Testing. Testing. Does this thing work?
Sometimes, in my brief stint as a parent, I feel like I’ve been speaking into a microphone that hasn’t yet been powered on, and in return, my audience is left without the capacity to understand what I’m trying to say. And when this happens, all I know is that the people staring at me want something–but what is that something and how will I answer the call?
Many people have a great fear of standing in front of a crowd and delivering. I share that fear to a degree, but I rather enjoy the stage, and while nerves find me as they do anyone else, I try best to harness the energy. But the stage or platform that parenthood has provided is unlike any other. It has been less predictable than anything I’ve ever experienced, and while up to this point it has been mostly diapers, feedings, sleeping, some crying, and a few other variables that you might well imagine, I’ve been caught off guard by the needs of my child.
What does he mean or want when he stares quizzically into my eyes? How do I stop him from crying when it seems like only my wife can comfort him? How do I explain to him that I am a very likable and trustworthy fellow with good credit and a fairly solid driving record? And what in the world is he thinking when he sees me and feels me? How can I decode the wrinkles of his forehead and clutches of his pint-size grip? Does he want to sway? Should I talk to him and share stories about giraffes and elephants? Are some of my efforts bound to be futile regardless of my intent? I can easily stand in front of hundreds of people and feel completely in command, yet this little butterball can stare me up and down and make me feel more vulnerable than any crowd I’ve ever seen.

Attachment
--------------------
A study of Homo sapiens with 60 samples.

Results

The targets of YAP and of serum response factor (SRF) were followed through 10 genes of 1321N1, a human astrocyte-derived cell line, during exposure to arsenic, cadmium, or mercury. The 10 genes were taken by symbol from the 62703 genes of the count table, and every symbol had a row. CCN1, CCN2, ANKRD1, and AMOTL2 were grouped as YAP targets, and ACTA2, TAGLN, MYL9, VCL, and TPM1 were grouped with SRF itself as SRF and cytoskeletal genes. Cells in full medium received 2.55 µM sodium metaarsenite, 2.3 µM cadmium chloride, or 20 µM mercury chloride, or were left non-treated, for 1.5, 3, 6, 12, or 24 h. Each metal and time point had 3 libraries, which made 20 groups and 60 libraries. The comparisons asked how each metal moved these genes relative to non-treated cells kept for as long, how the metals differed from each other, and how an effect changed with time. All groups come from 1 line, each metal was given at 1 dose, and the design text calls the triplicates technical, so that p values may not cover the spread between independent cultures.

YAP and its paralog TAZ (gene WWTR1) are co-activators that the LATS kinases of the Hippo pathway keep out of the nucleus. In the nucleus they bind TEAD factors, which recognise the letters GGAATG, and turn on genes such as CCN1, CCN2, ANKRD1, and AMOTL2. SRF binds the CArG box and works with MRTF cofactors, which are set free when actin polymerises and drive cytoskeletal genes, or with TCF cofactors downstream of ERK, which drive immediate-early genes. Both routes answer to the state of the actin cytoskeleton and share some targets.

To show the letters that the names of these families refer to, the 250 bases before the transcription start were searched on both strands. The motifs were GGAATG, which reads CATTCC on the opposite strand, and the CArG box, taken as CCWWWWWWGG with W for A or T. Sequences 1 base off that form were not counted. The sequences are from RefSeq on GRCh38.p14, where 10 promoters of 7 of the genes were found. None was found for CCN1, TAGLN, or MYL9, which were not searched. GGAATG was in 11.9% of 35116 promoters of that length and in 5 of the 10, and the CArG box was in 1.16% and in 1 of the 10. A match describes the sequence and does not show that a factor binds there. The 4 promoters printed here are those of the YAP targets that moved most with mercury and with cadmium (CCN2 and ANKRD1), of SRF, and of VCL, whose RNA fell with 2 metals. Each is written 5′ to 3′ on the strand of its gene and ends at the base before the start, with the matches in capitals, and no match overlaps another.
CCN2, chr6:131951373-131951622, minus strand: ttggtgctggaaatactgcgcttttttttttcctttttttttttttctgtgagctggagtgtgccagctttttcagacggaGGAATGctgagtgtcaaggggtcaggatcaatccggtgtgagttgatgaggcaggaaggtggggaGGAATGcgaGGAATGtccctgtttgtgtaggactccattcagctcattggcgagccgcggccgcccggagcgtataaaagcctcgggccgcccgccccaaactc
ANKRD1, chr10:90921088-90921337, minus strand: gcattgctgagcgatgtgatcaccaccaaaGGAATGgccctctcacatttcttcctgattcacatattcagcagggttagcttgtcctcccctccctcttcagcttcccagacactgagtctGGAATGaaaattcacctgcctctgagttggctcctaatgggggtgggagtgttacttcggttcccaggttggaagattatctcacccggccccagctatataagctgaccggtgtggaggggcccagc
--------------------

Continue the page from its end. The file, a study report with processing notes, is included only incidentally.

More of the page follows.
So what do you do when you don’t know what to do? A colleague of mine once told me that this question can define a person’s life and achievements. How do you respond to the unknown, the stress it can carry, and the fear it can breed? I’d love to hear some of your stories about how you’ve connected with your children, some of the hardships you’ve encountered, or anything in between–because whether you like to stand among the audience or flaunt about the stage, we are all drawn to the light that simultaneously brings out our finest qualities and greatest faults.